What To Do If You Are Charged With Marijuana Related DUI

Driving under the influence is a serious criminal offense. Prosecutors at the attorney general’s office are more likely to push for significant penalties if they think you might be a danger to society. That’s part of the reason those penalties include community service and drug treatment programs. They want to make sure you will not make the same mistake twice. We all know how DUI works with alcohol — but what happens when you get pulled over and charged with a marijuana-related DUI?

The most basic fact is that marijuana-related DUI charges work exactly like alcohol-related DUI charges. The arresting officer must have reasonable suspicion that you are under the influence of the drug when behind the wheel to make an arrest. At the station you will likely be asked to take a blood test. This test will show the authorities exactly how much THC was in your system when you were driving.

If a driver is found to be over the state’s legal limit, then the driver will be considered “impaired” in the eyes of the law — even if the marijuana did not affect the driver’s ability to perform that function. This is called a “per se” marijuana DUI. Saying you weren’t really encumbered by smoking a little weed is not a valid defense.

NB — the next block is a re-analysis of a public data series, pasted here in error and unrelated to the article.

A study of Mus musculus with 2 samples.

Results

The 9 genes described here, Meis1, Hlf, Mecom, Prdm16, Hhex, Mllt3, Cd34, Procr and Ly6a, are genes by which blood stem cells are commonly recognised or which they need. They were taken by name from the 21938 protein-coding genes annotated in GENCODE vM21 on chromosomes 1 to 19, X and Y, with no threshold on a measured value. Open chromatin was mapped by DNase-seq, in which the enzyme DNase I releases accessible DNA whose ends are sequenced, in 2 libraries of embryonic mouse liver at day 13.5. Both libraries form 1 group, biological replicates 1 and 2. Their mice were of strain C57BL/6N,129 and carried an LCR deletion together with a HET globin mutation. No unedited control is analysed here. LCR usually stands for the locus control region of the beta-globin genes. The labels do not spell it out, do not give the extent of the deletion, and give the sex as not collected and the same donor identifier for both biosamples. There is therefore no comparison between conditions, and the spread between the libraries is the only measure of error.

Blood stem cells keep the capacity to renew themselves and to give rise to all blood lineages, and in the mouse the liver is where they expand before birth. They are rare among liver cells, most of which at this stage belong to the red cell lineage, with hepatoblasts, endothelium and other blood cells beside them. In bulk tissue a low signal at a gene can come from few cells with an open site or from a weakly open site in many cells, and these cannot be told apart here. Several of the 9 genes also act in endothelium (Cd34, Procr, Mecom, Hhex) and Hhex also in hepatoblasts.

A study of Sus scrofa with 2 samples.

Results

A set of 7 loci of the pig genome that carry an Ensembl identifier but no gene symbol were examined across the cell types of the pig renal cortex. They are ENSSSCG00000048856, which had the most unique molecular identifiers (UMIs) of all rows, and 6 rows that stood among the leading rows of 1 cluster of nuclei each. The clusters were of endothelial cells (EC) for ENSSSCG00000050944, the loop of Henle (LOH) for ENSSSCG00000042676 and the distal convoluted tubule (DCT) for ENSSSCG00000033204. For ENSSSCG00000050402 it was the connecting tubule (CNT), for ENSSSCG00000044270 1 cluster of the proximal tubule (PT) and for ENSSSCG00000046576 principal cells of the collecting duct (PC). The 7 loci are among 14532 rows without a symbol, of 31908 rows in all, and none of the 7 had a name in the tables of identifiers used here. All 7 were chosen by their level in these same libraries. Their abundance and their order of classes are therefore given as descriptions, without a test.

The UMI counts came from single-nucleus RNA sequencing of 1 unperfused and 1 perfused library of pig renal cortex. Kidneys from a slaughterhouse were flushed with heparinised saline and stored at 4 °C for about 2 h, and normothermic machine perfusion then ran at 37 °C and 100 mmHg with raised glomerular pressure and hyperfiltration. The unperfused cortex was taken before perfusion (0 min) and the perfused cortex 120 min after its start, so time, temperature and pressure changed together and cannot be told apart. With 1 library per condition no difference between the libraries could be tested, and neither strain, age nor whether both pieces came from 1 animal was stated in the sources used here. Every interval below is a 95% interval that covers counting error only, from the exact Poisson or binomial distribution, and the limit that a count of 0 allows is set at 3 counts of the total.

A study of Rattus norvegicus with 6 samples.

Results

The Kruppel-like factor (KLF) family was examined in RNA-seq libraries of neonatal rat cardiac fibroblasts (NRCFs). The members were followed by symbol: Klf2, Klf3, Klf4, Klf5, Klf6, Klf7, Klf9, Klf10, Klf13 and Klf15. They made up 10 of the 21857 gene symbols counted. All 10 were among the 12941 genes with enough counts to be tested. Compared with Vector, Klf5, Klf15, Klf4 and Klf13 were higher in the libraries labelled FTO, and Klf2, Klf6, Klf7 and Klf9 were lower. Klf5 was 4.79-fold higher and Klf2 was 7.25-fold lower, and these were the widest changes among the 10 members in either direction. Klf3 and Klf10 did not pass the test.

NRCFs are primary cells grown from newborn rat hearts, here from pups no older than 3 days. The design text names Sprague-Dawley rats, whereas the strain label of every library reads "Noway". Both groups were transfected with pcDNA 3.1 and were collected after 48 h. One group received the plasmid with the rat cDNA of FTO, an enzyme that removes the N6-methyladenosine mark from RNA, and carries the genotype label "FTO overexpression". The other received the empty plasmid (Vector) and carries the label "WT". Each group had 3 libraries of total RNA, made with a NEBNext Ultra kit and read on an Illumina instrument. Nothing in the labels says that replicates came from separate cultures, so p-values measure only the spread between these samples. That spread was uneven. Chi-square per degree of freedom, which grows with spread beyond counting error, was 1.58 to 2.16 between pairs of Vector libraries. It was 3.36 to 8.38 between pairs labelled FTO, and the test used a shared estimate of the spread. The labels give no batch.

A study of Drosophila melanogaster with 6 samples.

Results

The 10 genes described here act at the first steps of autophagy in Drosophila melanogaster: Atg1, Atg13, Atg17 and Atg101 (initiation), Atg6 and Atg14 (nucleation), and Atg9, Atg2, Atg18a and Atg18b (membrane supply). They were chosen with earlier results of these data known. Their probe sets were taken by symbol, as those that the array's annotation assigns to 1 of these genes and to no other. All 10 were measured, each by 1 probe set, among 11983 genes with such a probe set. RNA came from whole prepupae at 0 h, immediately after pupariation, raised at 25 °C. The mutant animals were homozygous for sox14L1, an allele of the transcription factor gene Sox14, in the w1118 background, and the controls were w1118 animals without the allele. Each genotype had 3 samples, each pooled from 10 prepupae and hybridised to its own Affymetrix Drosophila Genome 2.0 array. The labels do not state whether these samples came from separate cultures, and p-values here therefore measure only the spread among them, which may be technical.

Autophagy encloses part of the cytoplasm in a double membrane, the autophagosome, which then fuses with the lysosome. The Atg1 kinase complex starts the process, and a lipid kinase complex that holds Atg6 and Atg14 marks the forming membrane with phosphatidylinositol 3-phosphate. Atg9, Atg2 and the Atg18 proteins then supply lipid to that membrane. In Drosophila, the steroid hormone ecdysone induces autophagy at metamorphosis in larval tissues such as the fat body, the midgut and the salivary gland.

States also define the word “impairment” in different ways. Impairment marijuana DUIs work a little differently for that reason. The prosecutor must sometimes prove that the driver was significantly affected by the marijuana to prove impairment.

Visit our website to learn how prosecutors might make mistakes in your marijuana-related DUI case in Florida. There are a number of defense strategies an attorney might use. If the arresting officer did not follow protocol (you’d be surprised how often it happens), then you might find safety. 

Part of the reason that these DUI cases sometimes fail to be prosecuted correctly stems from the fact that field sobriety tests are less accurate in determining a person’s ability to drive than they are when alcohol is a factor. There is no breathalyzer for marijuana — not yet, anyway.

The good news is this: marijuana laws and related offenses are changing due to the legalization of medical and recreational marijuana. Sometimes this gives defense attorneys a good opportunity to poke holes in current regulations. Regardless of how you think the law applies to your case, it is always a good idea to contact a criminal defense attorney. An experienced lawyer can always help lay out the facts better than anyone else.